HackEbola at UMass aids fight against West African epidemic

Last modified: Sunday, November 23, 2014

AMHERST — From across the world, young mathematicians, biologists and other scholars at the University of Massachusetts Amherst crunched numbers this weekend in hopes of aiding the fight against the Ebola epidemic in West Africa.

“It has to start somewhere,” said Andrew Smith, 26, a fourth-year doctoral candidate in organismic and evolutionary biology at UMass.

On Smith’s laptop was a diagram resembling a family tree that shows the different strains of Ebola identified during outbreaks in the 1970s, the 1990s and the present. He pointed out that the strains currently spreading through West Africa are different from those previously identified, and speculated that may be one reason why this outbreak has been difficult to control.

His data showed how patients with different strains of Ebola fared. Some are listed as deceased or discharged, while the status of others is unknown. Through this information, he hoped to better understand what parts of Africa had the deadliest strains.

Smith was among more than 50 students from the Five Colleges who took part in a HackEbola event in the John W. Lederle Research Center at UMass planned from Friday evening to Sunday afternoon.

The event was organized as a way for students and faculty at the Five Colleges to participate remotely in the simultaneous HackEbola at Harvard University. HackEbola at UMass was organized by a group called Graduate Researchers interested in Data, also known as GRiD, which formed last year as a way to bring graduate students together to analyze and present data through the lenses of different disciplines, said its co-chairwoman, Emily Ramos.

A “hack” event, sometimes called a “hackathon,” is a gathering of a large number of people who come together solely to work on solutions to a particular problem. HackEbola at UMass began Friday evening with talks from UMass assistant professors Nicholas Reich of biostatistics and Chaitra Gopalappa of mechanical and industrial engineering, and Amherst College academic technology specialist Andy Anderson. On Sunday evening, the teams were to present their data for four judges determining awards in the categories of best data visualization, best use of outside data and best overall.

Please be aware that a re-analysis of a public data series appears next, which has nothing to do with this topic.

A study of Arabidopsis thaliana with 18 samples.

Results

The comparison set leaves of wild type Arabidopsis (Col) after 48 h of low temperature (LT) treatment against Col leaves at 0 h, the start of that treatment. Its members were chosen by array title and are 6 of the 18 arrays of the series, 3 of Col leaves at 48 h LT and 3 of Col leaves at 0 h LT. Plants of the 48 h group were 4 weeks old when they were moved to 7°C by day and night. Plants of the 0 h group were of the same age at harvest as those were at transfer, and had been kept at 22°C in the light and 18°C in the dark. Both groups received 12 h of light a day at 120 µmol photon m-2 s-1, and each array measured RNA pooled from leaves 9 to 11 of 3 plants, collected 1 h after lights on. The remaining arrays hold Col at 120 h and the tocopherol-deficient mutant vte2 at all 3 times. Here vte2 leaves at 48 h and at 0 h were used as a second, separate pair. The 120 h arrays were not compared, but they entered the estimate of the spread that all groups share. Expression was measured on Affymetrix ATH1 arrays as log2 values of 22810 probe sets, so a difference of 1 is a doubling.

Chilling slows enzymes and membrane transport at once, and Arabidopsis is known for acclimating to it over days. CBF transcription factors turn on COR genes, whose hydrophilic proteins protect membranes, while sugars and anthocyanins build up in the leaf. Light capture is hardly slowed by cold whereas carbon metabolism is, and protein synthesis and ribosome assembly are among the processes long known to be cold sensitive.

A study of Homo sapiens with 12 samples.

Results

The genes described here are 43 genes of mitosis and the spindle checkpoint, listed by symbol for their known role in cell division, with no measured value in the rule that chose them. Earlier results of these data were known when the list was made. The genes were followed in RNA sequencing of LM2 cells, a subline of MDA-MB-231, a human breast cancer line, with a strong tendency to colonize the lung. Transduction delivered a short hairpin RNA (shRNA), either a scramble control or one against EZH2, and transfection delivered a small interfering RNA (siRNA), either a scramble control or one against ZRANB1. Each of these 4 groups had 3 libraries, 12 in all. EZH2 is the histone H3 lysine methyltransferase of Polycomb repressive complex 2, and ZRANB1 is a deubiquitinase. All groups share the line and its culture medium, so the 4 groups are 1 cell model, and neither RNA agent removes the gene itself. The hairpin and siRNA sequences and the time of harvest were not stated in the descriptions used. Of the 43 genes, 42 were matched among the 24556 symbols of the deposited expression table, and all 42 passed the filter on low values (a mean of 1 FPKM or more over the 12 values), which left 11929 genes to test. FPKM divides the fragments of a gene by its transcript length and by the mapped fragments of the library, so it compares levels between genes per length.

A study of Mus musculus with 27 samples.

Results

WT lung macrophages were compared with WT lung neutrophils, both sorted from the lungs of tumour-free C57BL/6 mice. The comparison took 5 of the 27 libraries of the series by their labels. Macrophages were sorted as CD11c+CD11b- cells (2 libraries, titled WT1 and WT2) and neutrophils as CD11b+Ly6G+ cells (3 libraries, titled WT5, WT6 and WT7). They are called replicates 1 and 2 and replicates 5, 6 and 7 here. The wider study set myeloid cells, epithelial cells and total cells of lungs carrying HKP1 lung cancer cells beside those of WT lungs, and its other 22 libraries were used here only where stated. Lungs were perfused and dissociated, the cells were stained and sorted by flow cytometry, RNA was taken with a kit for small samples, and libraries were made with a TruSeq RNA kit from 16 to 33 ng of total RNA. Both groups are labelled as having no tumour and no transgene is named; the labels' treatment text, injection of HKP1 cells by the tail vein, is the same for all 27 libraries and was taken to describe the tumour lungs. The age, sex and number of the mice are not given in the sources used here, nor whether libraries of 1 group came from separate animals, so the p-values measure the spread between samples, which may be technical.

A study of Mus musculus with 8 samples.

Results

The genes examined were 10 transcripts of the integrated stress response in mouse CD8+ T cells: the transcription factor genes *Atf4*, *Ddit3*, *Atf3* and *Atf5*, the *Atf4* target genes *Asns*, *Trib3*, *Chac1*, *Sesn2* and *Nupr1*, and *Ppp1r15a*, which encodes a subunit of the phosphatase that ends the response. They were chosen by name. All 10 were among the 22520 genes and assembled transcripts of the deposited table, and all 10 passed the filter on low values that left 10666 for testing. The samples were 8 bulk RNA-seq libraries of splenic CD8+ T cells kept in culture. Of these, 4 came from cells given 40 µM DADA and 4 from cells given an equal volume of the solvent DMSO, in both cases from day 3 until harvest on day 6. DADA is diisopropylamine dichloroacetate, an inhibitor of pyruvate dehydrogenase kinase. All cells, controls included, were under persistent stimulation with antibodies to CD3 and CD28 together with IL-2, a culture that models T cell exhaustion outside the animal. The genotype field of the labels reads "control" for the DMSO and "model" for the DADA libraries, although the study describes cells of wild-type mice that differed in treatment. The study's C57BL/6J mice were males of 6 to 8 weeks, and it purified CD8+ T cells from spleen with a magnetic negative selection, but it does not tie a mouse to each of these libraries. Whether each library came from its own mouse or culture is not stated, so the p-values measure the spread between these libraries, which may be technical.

In a room on the 16th floor of the Lederle building Saturday, teams of two to five participants analyzed the data in different ways, looking at trends such as how the spread of the disease relates to socioeconomic status and travel bans among countries.

“Ebola is a very pertinent, happening topic right now,” said Ramos, 27, a second year master’s student in biostatistics at UMass. “You get to the human element of the data, not just seeing numbers in a table.”

The concentration was evident as participants pored over extensive spreadsheets of raw data on their laptops. The data came from the Humanitarian Data Exchange, an online repository of public data on humanitarian crises, according to event organizers.

Armand Halbert, 23, a second-year master’s student in computer science at UMass, analyzed the effectiveness of how travel bans relate to the spread of Ebola by analyzing the reported cases among countries with different types of travel restrictions. He said this kind of data was particularly interesting to him because he used to work at the National Institutes of Health in Bethesda, Maryland.

Sitting next to Smith was Moira Concannon, also a fourth-year doctoral candidate in organismic and evolutionary biology at UMass. She said she was grateful for the opportunity to meet and work with graduate students with different concentrations.

“I think it’s really interesting to see how different fields approach similar questions,” said Concannon, 26. “It points out how effective collaboration can be in a crisis like this outbreak.”

The results of the HackEbola will be presented on the event’s website at http://umassamherst-grid.github.io/ebola-hackfest.

Gena Mangiaratti can be reached at gmangiaratti@gazettenet.com.